Chicago alderman: More Black officers needed to help curb profiling during traffic stops

Chicago's inspector general on Friday highlighted a finding that African-Americans in the city are far more likely than others to face physical force when stopped by police.

The Chicago Police Department said the inspector general used numbers that are two-to-six years old and do not reflect changes made by the department.

One South Side alderman said he’s confessed his frustration.

"You have people who don't know our community, who are afraid of our community, who have no connections, no relationships to the community, policing our community. And they cannot relate and so they profile the African-American community," said Ald. Anthony Beale, 9th Ward.


In a written response to the inspector general’s findings, Chicago Police Superintendent David Brown noted that the numbers used covered a period from October 2017 to February 2020, before the department implemented some of the reforms required by a consent decree.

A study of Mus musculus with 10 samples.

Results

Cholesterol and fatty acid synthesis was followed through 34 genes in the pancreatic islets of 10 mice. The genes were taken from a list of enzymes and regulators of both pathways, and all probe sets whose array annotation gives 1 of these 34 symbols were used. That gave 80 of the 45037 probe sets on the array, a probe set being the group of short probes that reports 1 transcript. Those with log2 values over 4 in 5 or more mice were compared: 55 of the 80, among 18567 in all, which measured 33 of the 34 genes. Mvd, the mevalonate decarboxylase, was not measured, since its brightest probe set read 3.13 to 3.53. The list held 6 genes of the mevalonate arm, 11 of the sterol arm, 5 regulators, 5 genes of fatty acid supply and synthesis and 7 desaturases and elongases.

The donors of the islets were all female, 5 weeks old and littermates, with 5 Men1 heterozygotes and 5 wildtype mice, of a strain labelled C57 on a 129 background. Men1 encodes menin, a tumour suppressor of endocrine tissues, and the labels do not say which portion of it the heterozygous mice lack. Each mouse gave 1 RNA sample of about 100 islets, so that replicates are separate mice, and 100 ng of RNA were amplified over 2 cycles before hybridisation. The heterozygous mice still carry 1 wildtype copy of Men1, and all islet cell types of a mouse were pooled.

Brown also said the inspector general did not determine whether the use of force covered by the report complied in many cases with the department's guidelines.

Ald. Anthony Beale

For his part, Beale wants to see more Black officers out on the street.

"You're going to continue to see this type of imbalance of police arrest, stops and harassment, not only in Chicago but across the county until we start having people hired from our community that look like us," Beale said.

Chicago Police Supt. David Brown

A spokesperson for Brown said about 20% of the Chicago Police Department's officers are African-American, which compares to about one-third of the city's population.

The inspector general's findings were highlighted in Friday's quarterly report on everything the office has done so far this year.

The police study was first filed last month.